Special Guest Post by CityGirlInRedLipstick: History for the Red Lipstick Connoisseur

Continuing our theme of all things rouged, Anita from CityGirlInRedLipstick.com is back with another guest post on, what else? Red lipstick. Take it away, Anita!

Feeling chic and sophisticated? Want to channel your inner goddess? When the mood overtakes you, choose RED! Red lipstick is like a perfect black cardigan; you can never have too many. My obsession with red lipstick began at an early age, and being a history buff, I decided to research the history of red lipstick. I wanted to know more about this passionate, rich, and vibrant color. Welcome to my History for the Red Lipstick Connoisseur.

Red lips have fascinated men and women alike since 3,000 BCE. A bold, look-at- me-color that demands attention, red lipstick has been advocated by the world's most powerful women. (This supports my theory that red lipstick is the equivalent of a man's power tie)

In the beginning, the ingredients used to create this come-hither hue were iodine, mannite, and a purplish-red dye taken from seaweed. It's said that ancient Mesopotamian women were the first to invent actual lipstick by using crushed precious jewels. Cleopatra, desiring a deeper red, a red fit for a queen, used crushed carmine beetles and ants. Queen Elizabeth I used a simpler recipe of beeswax and plant derived red dyes. ...I would personally love a red lipstick made out of crushed rubies - talk about true decadence!


In 1915, fashionable American women were advised by an article in the New York Times to apply lipstick with caution because lipstick, especially red, was still considered immoral and an act of rebellion. Very soon after, dark red lipstick became popular due to the 1920's flapper craze - huge cocktail rings and red lipstick were standard among the fashionable - albeit risqué - set. (I'm never without my cocktail ring and signature red lips). During that period it was acceptable to apply lipstick after lunch, but never after dinner.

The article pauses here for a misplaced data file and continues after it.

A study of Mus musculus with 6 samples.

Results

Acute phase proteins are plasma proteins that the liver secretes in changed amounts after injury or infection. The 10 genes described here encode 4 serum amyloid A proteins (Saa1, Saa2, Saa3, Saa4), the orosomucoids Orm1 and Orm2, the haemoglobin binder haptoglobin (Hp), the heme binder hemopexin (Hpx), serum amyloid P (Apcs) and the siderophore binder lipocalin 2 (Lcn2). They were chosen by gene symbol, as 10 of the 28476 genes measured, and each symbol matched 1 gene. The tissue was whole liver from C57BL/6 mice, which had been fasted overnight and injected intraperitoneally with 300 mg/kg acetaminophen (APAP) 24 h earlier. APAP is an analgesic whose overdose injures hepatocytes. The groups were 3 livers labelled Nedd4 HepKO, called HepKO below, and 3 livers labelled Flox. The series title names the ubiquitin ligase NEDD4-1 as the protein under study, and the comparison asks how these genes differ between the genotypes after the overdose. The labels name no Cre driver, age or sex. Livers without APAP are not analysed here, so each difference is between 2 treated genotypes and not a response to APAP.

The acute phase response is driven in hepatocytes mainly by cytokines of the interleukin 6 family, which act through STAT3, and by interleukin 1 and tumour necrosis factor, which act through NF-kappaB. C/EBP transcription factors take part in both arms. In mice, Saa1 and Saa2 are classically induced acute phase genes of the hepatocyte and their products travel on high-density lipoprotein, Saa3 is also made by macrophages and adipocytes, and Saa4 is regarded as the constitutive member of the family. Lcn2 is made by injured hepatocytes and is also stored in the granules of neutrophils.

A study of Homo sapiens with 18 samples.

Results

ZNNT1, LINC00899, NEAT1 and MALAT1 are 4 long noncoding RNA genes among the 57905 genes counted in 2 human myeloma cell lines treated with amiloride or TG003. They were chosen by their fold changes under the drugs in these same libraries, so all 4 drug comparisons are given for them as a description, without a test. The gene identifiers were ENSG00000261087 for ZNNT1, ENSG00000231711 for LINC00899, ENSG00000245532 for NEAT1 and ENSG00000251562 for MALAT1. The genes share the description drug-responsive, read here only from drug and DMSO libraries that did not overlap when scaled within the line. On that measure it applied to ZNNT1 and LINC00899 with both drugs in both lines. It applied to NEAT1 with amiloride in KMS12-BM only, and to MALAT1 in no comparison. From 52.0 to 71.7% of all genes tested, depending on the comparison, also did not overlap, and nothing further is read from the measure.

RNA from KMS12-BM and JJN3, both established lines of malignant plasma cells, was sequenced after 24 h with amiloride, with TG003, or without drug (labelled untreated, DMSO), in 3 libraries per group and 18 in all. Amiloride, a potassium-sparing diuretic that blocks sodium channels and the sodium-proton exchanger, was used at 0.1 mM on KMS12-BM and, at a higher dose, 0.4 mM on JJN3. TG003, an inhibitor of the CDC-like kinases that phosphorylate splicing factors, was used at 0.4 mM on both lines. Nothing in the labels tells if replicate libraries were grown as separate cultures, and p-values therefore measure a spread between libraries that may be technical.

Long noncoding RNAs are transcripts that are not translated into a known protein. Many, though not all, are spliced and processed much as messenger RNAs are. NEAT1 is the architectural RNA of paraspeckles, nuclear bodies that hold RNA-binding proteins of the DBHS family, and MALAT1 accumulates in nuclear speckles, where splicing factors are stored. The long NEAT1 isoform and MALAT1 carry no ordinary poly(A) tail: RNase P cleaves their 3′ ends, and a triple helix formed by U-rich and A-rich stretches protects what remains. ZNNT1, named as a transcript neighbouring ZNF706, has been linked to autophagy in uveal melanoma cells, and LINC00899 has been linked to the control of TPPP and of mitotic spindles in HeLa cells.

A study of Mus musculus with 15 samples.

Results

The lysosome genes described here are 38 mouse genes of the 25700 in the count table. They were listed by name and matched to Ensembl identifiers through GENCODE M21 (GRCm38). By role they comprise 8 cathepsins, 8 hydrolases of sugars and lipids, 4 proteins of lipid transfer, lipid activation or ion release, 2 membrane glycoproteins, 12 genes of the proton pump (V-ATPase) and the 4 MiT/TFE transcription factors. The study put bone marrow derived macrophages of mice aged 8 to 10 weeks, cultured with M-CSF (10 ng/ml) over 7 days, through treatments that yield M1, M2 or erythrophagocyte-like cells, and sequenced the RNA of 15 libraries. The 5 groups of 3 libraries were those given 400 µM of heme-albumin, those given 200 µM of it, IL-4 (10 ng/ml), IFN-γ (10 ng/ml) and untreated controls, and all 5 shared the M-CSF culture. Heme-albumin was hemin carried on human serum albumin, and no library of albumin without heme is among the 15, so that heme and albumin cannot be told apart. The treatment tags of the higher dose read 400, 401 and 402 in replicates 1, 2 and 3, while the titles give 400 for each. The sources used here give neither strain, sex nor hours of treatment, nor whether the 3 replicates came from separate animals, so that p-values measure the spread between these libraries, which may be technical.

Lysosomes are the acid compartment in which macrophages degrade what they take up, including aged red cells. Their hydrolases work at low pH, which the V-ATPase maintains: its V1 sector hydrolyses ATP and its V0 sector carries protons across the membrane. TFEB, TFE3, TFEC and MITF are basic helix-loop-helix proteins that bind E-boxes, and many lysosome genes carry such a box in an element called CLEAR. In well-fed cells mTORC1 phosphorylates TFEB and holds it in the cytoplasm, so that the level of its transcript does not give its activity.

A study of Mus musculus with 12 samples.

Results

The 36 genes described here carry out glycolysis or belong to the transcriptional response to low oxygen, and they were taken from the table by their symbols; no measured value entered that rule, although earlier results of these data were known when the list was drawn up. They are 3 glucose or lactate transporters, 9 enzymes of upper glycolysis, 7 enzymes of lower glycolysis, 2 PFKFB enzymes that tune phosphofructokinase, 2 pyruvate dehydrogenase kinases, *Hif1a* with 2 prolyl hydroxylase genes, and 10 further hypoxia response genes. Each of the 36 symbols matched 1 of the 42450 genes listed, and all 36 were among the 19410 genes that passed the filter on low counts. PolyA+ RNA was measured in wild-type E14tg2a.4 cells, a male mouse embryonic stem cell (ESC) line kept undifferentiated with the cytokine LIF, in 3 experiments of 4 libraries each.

It wasn't until the 1930's that Elizabeth Arden introduced women to different shades of lipstick, with red still being the most popular. It was Elizabeth Arden and Estee Lauder that started selling lipsticks out of their salons, thus making it acceptable (and later expected!) for the good girl to wear red lipstick.

Hazel Bishop was the organic chemist that developed the world's first long-lasting lipstick called "No-Smear Lipstick". In 1990 a wax free-semi permanent liquid formula was born known as: lipstain or liquid lip color. Today, companies that develop lipstains are Stila, Josie Maran, Maybelline, Revlon, Covergirl and more. I keep waiting for my favorite brands to come out with their versions of red lipstains.

Women are often caught between the madonna/ whore complex, saint/sinner or good girl/ bad girl syndrome. The bottom line is that good girls do wear red lipstick. Choose red lipstick or not - but wear your decision with confidence. Don't let yourself be intimidated by the color of red (or lack thereof). Red lipstick and cosmetics have come a long way, baby!

Other famous beauties that wore Red Lipstick include: Marilyn Monroe, Elizabeth Taylor, Grace Kelly and Lucile Ball, proving that there's a shade of red lipstick out there for everyone!


Wonderful article (despite the many, many grammar and punctuation errors). More of these, please, outblush!
Do you need, well, yes you do, but would you like an editor? I work for trade.
Thank you.

Pamela Daley

Posted on 02.04.11 at 5:26 PM

I have a couple of degrees in English and i don't see many errors at all.


Posted on 02.08.11 at 12:31 PM

The article is perfect the way it is - it is well written and edited! I would like to see you do better?


Posted on 02.13.11 at 10:21 AM

I saw no errors either - and I also have a degree in writing. I love how she smugly critiques it while giving a backhanded "compliment," then has the audacity to offer her editing services! Classy. Anita, I loved the article. Very well researched and an interesting read. Little did I know that red lipstick was taboo because it reminded people of a vagina! LOL!Now *that's* classy.